THE BLOG

Why Gay Men Are Outperforming the Good-Old-Boys in Business

05/30/2006 09:15 pm ET | Updated May 25, 2011

All across the U.S. economy, from corporate America to small business, gay men are proving they have what it takes to be today's preferred organizational leaders. After recently completing a five-year research project spanning more than 3,000 working professionals all over the country, I found reported levels of job engagement, job satisfaction and workplace morale among employees reporting to white-collar gay men to be upwards of 35% higher than nationally reported statistics. As the foundation of my new business leadership book, The G Quotient (Jossey-Bass/Wiley), it's further proof that good-old-boy business practices are no longer effective in an era defined by information and connectivity.

Consider that over the last ten years, polls from some of the world's most respected names in business have documented the dramatic decline in how American workers feel about their employers. For example, a report at the end of 2005 from Towers Perrin, the largest study ever completed on the state of the global workforce, found that only 21 percent of U.S. workers are engaged in their jobs amidst feelings of "frustration and skepticism" about their organizational leaders. Middle managers in particular are increasingly dissatisfied with how their companies are being managed. According to an Accenture study also conducted at the end of last year, fewer than half report feeling positive about their own employers -- a decline of nearly 20 percent over the same survey just one year earlier.

More informed, connected and diverse than ever before in the history of the world of work, contemporary employees are no longer responding to leadership that doesn't recognize them as valuable key contributors -- regardless of their organizational roles. Indeed, life in the digital age has empowered all of us to acquire specialized knowledge about our respective fields and industries and view our employing organizations and leaders in their professional nakedness. Quite simply, in today's business landscape the CEO has no clothes.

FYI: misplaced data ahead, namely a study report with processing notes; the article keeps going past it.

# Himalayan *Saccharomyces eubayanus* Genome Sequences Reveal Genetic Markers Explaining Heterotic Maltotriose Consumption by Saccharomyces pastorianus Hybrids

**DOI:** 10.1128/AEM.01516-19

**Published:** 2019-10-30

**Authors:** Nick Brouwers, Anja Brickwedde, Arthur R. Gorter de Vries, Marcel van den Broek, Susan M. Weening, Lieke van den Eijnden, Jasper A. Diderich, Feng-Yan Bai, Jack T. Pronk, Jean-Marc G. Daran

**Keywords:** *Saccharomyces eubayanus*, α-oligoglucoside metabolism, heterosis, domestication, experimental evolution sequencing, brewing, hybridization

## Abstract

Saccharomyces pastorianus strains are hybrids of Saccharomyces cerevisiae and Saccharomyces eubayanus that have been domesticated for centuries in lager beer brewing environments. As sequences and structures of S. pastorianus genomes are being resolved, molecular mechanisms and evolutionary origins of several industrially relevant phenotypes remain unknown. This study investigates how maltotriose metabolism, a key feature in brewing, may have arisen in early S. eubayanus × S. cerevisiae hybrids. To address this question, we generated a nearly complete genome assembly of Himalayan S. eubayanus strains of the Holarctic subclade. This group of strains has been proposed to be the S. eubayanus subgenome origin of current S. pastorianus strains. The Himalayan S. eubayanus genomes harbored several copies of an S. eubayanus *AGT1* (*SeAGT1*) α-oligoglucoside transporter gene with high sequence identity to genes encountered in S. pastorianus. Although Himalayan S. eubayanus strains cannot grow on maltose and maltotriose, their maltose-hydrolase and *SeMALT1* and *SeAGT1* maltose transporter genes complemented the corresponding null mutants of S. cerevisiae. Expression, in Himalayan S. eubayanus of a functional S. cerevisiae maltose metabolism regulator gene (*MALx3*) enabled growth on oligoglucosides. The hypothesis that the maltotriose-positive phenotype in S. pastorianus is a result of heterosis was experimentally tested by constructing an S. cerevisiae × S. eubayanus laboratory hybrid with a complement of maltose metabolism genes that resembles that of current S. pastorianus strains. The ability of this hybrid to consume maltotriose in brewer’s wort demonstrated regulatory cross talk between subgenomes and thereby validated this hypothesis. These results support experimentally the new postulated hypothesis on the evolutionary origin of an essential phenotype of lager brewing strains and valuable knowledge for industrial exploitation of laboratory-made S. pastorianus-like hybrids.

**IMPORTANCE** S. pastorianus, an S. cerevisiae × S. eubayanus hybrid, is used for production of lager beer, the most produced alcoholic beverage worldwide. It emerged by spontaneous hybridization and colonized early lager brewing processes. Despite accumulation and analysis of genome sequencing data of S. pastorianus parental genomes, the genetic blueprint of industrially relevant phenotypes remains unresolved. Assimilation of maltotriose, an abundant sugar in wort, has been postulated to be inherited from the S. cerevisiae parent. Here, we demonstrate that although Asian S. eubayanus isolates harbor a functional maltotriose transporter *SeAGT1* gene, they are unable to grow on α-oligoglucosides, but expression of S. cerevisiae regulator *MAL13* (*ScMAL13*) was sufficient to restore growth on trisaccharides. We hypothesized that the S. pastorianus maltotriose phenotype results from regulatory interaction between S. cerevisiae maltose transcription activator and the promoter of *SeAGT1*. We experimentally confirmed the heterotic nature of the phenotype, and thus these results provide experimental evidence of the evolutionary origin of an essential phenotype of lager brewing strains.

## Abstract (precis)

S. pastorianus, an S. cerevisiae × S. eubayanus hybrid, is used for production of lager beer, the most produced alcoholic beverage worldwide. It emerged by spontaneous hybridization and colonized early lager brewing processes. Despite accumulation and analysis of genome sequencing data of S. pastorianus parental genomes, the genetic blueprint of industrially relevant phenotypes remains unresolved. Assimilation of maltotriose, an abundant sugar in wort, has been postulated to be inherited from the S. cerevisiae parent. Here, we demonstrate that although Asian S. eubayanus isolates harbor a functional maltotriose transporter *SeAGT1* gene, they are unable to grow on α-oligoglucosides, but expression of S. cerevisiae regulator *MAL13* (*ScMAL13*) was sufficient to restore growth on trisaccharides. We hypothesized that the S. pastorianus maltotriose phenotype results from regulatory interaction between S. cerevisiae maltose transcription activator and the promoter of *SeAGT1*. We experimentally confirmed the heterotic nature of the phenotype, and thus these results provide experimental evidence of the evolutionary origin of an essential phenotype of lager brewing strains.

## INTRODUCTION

So what does being gay or male have to do with successful business leadership? The reason gay men are outperforming the good-old-boys in business is due to a new paradigm for effective leadership that is proving to meet the needs and values of today's empowered workforce. Identified as the G Quotient, it is seven leadership principles rooted in the professional worldview of gay men that develops through learned skills such as adaptability, intuitive communication and creative problem solving. In the workplace, these principles are responsible for generating unprecedented levels of professional commitment among their employees. In fact, it's why 84 percent of more than one thousand employees reporting to gay men across four major economic sectors report high morale within their working environments -- compared to 40 percent nationally.

G Quotient leadership tracks with the recalibration of today's business landscape utilizing principles such as inclusiveness, creativity and collaboration as connecting points between managers and employees. It's about authenticity and transparency, and believing that all people have individual value. It's about creating a true meritocracy where people will rise or fall based on their abilities and hard work -- not on their gender, skin color or sexual orientation. In fact, to draw a political comparison, I believe it's these same connecting points, or should I say lack thereof, that are in large part responsible for the current administration's nose-diving approval ratings. As the self-appointed CEO of America, it's an interesting irony that George Bush and company might actually be able to learn something from successful gay men in business. Perish the thought.

So do you have to be a gay male to be a G Quotient leader? Absolutely not. In fact, my research identified G Quotient leaders among straight women and lesbians as well as straight men. However, I found the propensity to manage based on the seven identified G Quotient principles to be the strongest among non-closeted gay men who have found the freedom to build careers in their own shoes. In many ways, G Quotient leadership is a manifestation of living in a globalized and connected world where authenticity and transparency have become more than valued behaviors. In today's new world of work they are mandatory ingredients for success. The American workforce, just like the American citizenry, is starved for truthfulness and inclusion.